The Ramapough Mountain Indians

Jesse Fried • Jun 14, 2017

The Ramapough Mountain Indians live in the Ramapo (or Ramapough) Mountains in Mahwah and Ringwood, as well as neighboring Hillburn, NY. They have been there for 300 years, tracing their roots back to Munsee Lenape individuals and families who stayed behind when most of their band emigrated north, during a time when British colonists were tightening their hold on New Jersey. Today, they number about 5,000. There is much controversy and misunderstanding surrounding their history and identity, and even now it's hard to get the facts straight. I am trying to avoid going beyond what's told here on the tribe's website.

By retreating from the lowlands where they had traditionally farmed, probably around the Hackensack river, to the steep hollows and rocky ridgetops of the Ramapos, they were able to maintain a large degree of independence and isolation. This area is very rugged, and for a long time there was little reason for white New Jerseyites to travel into these hills.

Currently, members of this community still live on back roads near Stag Hill in the Ramapos, many working in the surrounding towns. Despite the fact that sprawl has engulfed almost all of Bergen County in recent decades, nearly eliminating the concept of a "back road," the Ramapough Mountain Indians have maintained their isolation and their distinctly un-suburban culture. It seems that the ruggedness of the glaciated Highlands still serves as a natural barrier, even though they now have to share their neighborhoods with things like this. Further speculation as to why and how they have remained apart from society inevitably descends into the territory of rumors below the quality and reliability standards of this website.

In seeking recognition as an Indian tribe, they are in political limbo. State politicians are on their side following some litigation regarding soil contamination from the former Ford plant in Mahwah, and the State of NJ has officially recognized them. Federal recognition has been denied, however, due in part to the efforts of some local politicians and none other than Donald Trump, who are afraid that they will put up a casino. Of course, it's federal recognition, not state recognition, that comes with all of the benefits.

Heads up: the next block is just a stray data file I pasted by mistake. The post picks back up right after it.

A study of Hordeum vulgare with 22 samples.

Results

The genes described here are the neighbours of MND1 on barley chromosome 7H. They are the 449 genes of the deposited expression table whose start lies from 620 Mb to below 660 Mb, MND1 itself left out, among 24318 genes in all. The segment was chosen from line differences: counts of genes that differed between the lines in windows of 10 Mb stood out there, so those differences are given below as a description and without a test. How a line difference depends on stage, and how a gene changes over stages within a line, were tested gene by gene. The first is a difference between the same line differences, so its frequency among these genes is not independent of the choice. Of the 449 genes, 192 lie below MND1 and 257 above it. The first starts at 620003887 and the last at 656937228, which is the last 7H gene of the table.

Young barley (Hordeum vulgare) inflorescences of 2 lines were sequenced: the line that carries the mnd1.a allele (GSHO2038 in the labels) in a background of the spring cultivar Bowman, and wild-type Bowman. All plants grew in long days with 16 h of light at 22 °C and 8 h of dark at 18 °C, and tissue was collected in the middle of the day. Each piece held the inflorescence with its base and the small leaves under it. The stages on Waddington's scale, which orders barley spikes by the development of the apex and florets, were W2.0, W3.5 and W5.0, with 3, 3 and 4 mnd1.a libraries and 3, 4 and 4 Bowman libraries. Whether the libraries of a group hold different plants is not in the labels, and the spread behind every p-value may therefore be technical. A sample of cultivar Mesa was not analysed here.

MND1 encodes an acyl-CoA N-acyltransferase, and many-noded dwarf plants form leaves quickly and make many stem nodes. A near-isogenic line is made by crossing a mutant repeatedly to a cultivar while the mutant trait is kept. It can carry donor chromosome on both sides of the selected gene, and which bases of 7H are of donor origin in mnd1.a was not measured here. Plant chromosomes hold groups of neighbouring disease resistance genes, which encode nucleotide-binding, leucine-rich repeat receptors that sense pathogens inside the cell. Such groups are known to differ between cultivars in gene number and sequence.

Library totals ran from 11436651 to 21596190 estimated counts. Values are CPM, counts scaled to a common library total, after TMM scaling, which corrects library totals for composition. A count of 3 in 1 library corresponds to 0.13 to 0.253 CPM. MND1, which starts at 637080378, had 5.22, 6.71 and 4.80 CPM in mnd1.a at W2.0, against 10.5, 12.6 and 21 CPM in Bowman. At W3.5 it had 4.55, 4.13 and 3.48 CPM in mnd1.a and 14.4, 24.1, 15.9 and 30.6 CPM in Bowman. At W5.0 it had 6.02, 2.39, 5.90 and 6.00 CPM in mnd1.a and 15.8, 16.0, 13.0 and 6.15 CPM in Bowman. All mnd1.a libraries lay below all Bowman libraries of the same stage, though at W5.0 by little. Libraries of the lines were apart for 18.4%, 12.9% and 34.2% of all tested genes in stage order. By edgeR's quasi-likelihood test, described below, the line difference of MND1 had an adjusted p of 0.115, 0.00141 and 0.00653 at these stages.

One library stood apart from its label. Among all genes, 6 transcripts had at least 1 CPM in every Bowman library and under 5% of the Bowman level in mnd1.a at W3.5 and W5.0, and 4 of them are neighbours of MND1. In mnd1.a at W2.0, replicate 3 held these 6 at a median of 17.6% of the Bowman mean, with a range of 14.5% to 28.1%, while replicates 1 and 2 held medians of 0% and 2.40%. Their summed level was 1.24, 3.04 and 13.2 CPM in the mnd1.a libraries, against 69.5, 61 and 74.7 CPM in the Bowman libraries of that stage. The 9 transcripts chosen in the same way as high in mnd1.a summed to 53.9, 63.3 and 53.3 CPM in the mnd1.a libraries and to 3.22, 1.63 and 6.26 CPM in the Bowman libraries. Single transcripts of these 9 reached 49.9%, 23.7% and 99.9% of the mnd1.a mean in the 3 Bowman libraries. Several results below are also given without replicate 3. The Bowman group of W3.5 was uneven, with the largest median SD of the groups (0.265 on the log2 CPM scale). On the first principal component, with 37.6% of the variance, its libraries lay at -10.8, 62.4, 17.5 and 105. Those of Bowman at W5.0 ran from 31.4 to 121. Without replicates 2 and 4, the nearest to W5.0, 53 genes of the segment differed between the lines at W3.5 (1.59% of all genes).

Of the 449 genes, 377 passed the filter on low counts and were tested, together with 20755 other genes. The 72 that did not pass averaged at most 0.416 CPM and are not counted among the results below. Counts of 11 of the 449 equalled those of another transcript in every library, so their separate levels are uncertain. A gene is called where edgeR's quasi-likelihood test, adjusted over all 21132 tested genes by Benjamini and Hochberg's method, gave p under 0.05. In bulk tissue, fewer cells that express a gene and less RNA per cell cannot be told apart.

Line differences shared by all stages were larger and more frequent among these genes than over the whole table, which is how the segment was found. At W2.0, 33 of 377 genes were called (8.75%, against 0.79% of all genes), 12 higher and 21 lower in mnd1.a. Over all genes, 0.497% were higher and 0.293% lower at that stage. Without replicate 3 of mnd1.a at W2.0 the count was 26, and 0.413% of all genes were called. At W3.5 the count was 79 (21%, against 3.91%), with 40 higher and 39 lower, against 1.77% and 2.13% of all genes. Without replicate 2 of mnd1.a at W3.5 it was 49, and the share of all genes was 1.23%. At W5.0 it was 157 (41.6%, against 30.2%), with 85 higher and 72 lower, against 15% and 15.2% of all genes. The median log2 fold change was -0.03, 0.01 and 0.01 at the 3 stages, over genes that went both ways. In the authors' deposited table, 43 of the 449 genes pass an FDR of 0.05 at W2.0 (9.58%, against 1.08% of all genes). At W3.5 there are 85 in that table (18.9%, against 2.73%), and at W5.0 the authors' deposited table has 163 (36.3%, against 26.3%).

Mainstream NJ culture has regarded this small community with fear, distrust and morbid curiosity for centuries. From the farmers who they would periodically trade with, to miners and railroad workers, to suburbanites of the present day, most historical references to them consists or unsavory rumors about their origins and character. Over time, these have grown into local legends, spreading far beyond people who have any contact with the Ramapough people. I first heard of the Ramapough Mountain Indians from my dad, who told me some stories which I now realize to be totally untrue and insulting, if colorful and fascinating. A recent Weird NJ article reporting on these legends generated angry backlash from supporters of the Ramapough Mountain Indians, and Weird NJ had to publish a modified version, complete with a kind of apology and reader responses. An even more recent article interviews their current elected chief, Dwaine Perry and attempts to set the facts straight.

The tribe is also the subject of a long-winded recent New Yorker article, which, in a delicious irony, references an earlier New Yorker article from 1936 that contributed to the disparaging rumors.